WHO'S THE BOSS? RICHARD DALEY
AND THE CHICAGO POLITICAL MACHINE
Richard Daley v. Robert Merriam, Mayor, Chicago, 1955
In the movie The Untouchables, which is about fighting crime during prohibition-era Chicago, the Sean Connery character turns to Kevin Costner (Eliot Ness) and explains, "They put one of yours in the hospital, you put one of theirs in the morgue! That's the Chicago way!" Although the Daley era in Chicago didn't involve sanctioning murder and gangland violence, it involved pretty much everything else.
Chicago is a tough city, and through most of the 20th century, it was run by a political machine the likes of which this country has rarely seen. There have been lots of big-time political bosses in America's large cities—George Washington Plunkitt of Tammany Hall in New York in the 1800s and, more recently, Marion Barry of Washington, D.C. But for pure political muscle and unashamed strong-arming of every official in the way, none match Mayor Richard J. Daley, who ran Chicago from 1955 until his death in 1976.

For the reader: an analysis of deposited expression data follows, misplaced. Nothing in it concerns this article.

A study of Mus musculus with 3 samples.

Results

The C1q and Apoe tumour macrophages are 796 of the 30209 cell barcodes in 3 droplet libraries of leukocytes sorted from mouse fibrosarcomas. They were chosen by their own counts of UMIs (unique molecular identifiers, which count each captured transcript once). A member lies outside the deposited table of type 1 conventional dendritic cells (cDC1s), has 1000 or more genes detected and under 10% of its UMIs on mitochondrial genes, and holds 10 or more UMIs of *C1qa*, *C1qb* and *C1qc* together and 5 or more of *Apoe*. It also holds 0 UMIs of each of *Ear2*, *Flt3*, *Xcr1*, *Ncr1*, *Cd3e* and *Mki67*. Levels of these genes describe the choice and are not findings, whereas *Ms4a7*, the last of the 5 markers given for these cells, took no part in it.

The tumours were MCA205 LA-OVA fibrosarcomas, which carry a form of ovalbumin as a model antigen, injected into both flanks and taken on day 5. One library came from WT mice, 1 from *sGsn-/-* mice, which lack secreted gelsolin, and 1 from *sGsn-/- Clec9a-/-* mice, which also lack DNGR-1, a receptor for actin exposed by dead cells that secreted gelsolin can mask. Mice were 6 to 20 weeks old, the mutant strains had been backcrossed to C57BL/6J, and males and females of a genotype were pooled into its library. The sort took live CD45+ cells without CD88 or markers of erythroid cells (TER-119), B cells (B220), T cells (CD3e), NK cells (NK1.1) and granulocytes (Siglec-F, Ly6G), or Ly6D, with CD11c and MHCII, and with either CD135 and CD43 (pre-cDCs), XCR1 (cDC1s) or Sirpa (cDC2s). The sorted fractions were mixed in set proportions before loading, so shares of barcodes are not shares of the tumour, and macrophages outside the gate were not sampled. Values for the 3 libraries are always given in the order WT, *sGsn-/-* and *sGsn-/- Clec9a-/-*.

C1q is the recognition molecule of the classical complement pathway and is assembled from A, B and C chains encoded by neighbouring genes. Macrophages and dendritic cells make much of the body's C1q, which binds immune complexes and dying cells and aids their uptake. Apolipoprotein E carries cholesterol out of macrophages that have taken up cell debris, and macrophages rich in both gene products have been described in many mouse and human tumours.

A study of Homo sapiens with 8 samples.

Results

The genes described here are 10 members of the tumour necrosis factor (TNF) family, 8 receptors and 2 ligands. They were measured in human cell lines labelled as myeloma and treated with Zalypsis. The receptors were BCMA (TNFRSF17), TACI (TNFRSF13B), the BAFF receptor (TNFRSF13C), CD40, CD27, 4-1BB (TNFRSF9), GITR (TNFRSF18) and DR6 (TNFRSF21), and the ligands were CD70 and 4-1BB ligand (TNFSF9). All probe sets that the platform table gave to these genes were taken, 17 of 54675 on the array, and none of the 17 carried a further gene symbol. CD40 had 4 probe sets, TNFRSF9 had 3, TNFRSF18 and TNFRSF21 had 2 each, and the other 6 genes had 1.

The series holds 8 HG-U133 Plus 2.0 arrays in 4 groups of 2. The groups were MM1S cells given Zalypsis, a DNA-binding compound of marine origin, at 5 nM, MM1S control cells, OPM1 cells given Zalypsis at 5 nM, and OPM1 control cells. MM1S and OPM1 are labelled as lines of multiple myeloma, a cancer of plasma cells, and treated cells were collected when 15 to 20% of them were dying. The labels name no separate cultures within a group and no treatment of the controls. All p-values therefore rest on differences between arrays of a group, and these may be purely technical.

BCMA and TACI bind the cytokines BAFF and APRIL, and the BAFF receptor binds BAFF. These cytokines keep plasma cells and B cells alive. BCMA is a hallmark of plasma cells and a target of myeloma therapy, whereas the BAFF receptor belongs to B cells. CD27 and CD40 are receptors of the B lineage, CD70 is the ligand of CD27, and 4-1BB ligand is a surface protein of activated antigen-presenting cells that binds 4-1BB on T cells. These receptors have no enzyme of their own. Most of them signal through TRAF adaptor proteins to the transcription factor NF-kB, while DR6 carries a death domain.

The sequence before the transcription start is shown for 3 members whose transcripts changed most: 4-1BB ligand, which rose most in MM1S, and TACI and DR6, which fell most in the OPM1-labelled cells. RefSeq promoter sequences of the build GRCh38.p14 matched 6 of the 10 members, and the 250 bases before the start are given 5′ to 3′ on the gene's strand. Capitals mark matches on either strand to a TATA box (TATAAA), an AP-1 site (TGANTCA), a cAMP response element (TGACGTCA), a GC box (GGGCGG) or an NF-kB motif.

His election in 1955 set the stage for a brutal twenty-year reign. But first he had to dispense with his opponents in the election. His victory over his Democratic primary opponents and then Republican nominee Robert Merriam is remembered as a vicious struggle for the heart and soul of Chicago.
Daley was born and bred in the city's politically powerful Eleventh Ward, which produced not only Daley but the three mayors preceding him. The machine system that Chicago's power brokers used to run city services, elect their preferred candidates, and intimidate potential adversaries was brutal. Either you produced, or you were replaced.